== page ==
General prosecutor backs the minister's decision to split the investigation of Kuciak's murder

He believes more investigators can bring the case to its successful end.

General Prosecutor Jaromír Čižnár at a press conference, July 16.General Prosecutor Jaromír Čižnár at a press conference, July 16. (Source: SITA)

General Prosecutor Jaromír Čižnár refutes the claims that the Interior Minister Denisa Saková (Smer) is intervening in the investigation concerning the murder of investigative journalist Ján Kuciak and his fiancée Martina Kušnírová, by assigning and dividing it to several investigators.

The investigators will soon have to ask to prolong the custody of the four people accused in the case of Kuciak's murder, since the initial period of a seven-month detention is coming to an end, Čižnár told the press.

"Once the court finds that there are delays in the proceedings, it is a reason to release them from custody," he said, as quoted by the Sme daily. "Therefore, we have decided to relieve the original investigation team."

He went on to say that they will not manage to file a prosecution order of the detained people by the end of February as initially planned. Currently, Alena Zsuzsová is charged with ordering the murder of Kuciak, but she does not have to be the last one, the Denník N daily reported.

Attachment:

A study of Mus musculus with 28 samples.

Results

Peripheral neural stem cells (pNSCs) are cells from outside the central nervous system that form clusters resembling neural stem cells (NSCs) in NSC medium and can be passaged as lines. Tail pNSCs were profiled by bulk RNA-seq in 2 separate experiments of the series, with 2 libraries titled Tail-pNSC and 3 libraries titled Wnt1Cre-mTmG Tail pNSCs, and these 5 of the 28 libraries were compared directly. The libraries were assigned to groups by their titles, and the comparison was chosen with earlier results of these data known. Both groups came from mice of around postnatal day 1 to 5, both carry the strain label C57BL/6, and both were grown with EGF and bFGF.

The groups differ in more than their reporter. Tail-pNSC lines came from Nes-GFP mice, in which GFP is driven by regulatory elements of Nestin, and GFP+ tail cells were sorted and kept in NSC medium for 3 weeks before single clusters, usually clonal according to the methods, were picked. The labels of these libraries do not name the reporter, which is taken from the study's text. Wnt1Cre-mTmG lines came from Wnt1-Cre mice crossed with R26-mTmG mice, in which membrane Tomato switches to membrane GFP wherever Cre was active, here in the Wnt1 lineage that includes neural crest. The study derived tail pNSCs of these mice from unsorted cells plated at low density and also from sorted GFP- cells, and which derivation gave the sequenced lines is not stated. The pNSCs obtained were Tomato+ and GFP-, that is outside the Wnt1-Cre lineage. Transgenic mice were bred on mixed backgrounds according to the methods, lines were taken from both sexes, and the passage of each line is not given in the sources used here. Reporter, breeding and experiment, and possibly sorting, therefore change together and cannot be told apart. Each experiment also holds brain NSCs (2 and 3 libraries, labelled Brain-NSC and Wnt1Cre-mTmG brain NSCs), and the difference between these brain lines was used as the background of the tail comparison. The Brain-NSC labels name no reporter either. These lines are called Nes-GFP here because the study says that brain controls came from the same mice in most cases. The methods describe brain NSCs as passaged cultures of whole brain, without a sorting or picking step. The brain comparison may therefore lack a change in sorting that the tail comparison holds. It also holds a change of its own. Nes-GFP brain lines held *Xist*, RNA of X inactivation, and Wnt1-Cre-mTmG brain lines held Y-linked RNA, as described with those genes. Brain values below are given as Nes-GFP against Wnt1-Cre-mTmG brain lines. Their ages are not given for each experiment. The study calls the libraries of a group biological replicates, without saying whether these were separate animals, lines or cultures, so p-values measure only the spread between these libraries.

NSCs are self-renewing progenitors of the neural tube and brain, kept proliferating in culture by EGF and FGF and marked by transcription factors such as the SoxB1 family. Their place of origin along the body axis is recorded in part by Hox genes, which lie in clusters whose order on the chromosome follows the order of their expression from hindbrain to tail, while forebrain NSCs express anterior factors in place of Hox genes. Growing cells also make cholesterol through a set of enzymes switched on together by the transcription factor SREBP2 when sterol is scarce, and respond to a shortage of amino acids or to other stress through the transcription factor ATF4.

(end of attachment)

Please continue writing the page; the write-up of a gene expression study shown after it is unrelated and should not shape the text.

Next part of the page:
Investigations may join later

The original prosecutors will go on overseeing the investigation and the investigators will mutually exchange information, Čižnár added, as reported by Sme.

Based on Saková's decision, the original team will investigate Kuciak's murder.

Read also:Interior minister divides investigation of Kuciak's murder Read more 

The new team, comprised of the members of the Interior Ministry's inspectorate, will investigate two cases: first, the planned murder of Deputy General Prosecutor Peter Šufliarsky, and the planned murders of prosecutor Maroš Žilinka and lawyer Daniel Lipšic.

Saková made a decision after it had turned out that at least one of the three people who were to be murdered had been screened in the police's databases by someone from the police corps.

"In the case of Mr Žilinka, the information was ominously detailed, and they could not access it without having good contacts," said Čižnár, as quoted by Sme.

The three investigations will probably be put together and returned to the original team, the general prosecutor added, as reported by Sme.